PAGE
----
Software Engineering Senior Project Spotlight
Writer(s): Kristyn Childres
CS 40700, the senior capstone course in software engineering, offers students a real-life software development experience with the opportunity to use the skills they have gained throughout their Purdue coursework to create a professional-quality project.
Professor H.E. ("Buster") Dunsmore, who is responsible for CS 40700, said "In this capstone course, software engineering students bring together everything they have learned in classes, internships, and on their own. The students put a lot of effort into what they create, so the projects are always good. However, a major reason for the projects’ high quality is the attention and direction students receive from Alina Nesen and Hasini Gunasinghe, both of whom bring real-world software engineering experience to their roles as our project coordinators.”
Gunasinghe said, "It is fascinating to walk through the software development lifecycle with multiple CS 40700 teams. The products they create span across numerous domains, using numerous technologies. It is great to see that many of the students have already gained certain qualities that professional software engineers need, such as technical skills and the abilities to work as a team and meet deadlines successfully."
Below, read about four teams from this semester's class whose projects are representative of the high quality of all these senior projects.
Kristin Beese, Janka Gal, Rajalakshmy Iyer and Joyce Kao created PackMap, an iOS application that helps travelers plan and pack for their vacations. PackMap generates a packing list for a trip based on the destination’s weather data, as well as user-entered data like trip length and planned activities. The app helps users remember vacation essentials like phone chargers or toothpaste. It also reminds them to pack weather-based items like an umbrella, if rain is in the forecast.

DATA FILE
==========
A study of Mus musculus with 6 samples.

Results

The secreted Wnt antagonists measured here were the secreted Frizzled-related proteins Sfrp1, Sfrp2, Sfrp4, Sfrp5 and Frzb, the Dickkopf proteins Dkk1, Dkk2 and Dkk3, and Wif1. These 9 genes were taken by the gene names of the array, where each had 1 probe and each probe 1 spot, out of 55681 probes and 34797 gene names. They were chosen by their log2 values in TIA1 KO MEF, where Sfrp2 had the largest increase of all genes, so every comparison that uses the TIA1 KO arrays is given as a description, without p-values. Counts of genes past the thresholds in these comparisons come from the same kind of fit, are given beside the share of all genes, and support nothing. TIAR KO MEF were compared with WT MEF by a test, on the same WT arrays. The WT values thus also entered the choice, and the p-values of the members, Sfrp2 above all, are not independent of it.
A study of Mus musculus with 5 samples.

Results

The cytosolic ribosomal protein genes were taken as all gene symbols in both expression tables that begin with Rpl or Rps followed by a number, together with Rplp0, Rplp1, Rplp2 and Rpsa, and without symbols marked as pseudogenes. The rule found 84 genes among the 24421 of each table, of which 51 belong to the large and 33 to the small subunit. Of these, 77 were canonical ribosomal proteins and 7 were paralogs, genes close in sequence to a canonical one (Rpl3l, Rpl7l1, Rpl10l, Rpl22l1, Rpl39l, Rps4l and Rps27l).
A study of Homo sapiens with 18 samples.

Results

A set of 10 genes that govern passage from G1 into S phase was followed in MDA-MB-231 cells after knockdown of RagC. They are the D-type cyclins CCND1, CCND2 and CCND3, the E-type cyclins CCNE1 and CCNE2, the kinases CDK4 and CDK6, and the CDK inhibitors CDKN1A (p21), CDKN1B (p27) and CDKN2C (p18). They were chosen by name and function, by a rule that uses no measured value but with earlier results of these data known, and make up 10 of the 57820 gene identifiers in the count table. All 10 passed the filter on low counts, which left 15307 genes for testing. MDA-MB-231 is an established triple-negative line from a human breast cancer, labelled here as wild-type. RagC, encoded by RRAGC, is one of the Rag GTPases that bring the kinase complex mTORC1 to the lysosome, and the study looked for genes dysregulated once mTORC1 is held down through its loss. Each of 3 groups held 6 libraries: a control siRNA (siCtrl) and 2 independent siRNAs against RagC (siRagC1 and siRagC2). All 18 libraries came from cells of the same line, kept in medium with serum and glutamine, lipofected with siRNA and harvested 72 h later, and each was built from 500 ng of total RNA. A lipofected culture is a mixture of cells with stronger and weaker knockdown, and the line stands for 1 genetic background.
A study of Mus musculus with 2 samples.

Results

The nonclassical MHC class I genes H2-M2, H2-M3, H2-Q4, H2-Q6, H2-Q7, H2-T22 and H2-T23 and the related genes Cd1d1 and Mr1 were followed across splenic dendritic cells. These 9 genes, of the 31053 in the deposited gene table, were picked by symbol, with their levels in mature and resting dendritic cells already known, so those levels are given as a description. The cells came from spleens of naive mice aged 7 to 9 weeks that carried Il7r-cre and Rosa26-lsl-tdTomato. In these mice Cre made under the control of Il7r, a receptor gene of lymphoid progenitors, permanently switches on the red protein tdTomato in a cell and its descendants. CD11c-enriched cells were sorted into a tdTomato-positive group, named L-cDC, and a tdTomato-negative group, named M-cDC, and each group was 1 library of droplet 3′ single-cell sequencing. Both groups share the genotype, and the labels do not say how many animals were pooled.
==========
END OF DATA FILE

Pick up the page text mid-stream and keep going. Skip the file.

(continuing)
Alina Nesen said that the PackMap team is CS 40700’s first all-female team. Kristin Beese said, “This experience was different than ones I’ve had previously. My internship at Google last summer was on a team of twenty males, and I was the only woman.”
Janka Gal said, “We had worked together before, so it was more that we knew we were a good fit, rather than choosing each other because we were all women.”
Ryan DeSalvio, Nicolas Bratton, Garrett Kizior and Keith Droll worked together to create a video game that combined elements from the first-person shooter and tower defense genres.
“Combining these genres allowed us to create a unique experience that put a fun twist on existing games,” said Ryan DeSalvio.
Andrew Burdiak, Lauren Carr, Dylan Mackey, Hyunjae Song and Jackie Sung created NightRider, an Android/iOS app that automates the process of queueing riders, assigning drivers and giving driving directions for designated “sober drivers” during fraternity and sorority events.
“Anyone who is a part of Greek life knows that sober driving can be one of the most confusing and difficult aspects of hosting a function, so we hope to make it a breeze with our app,” said Lauren Carr.
Ai Li Yew, Jing Zheng, Michael Mertz, Weifeng Huang and Qian Zhang worked with the Chicago Police Department to develop an app that aggregates and analyzes crime data, providing heat-map visualizations that will help the police department identify patterns and visualize relationships more effectively.
Qian Zhang said, “In previous class projects, we have used made-up data. But for this project, we used real-world data from the Chicago Police Department. That made this experience seem much more akin to the real problems we might face in industry.”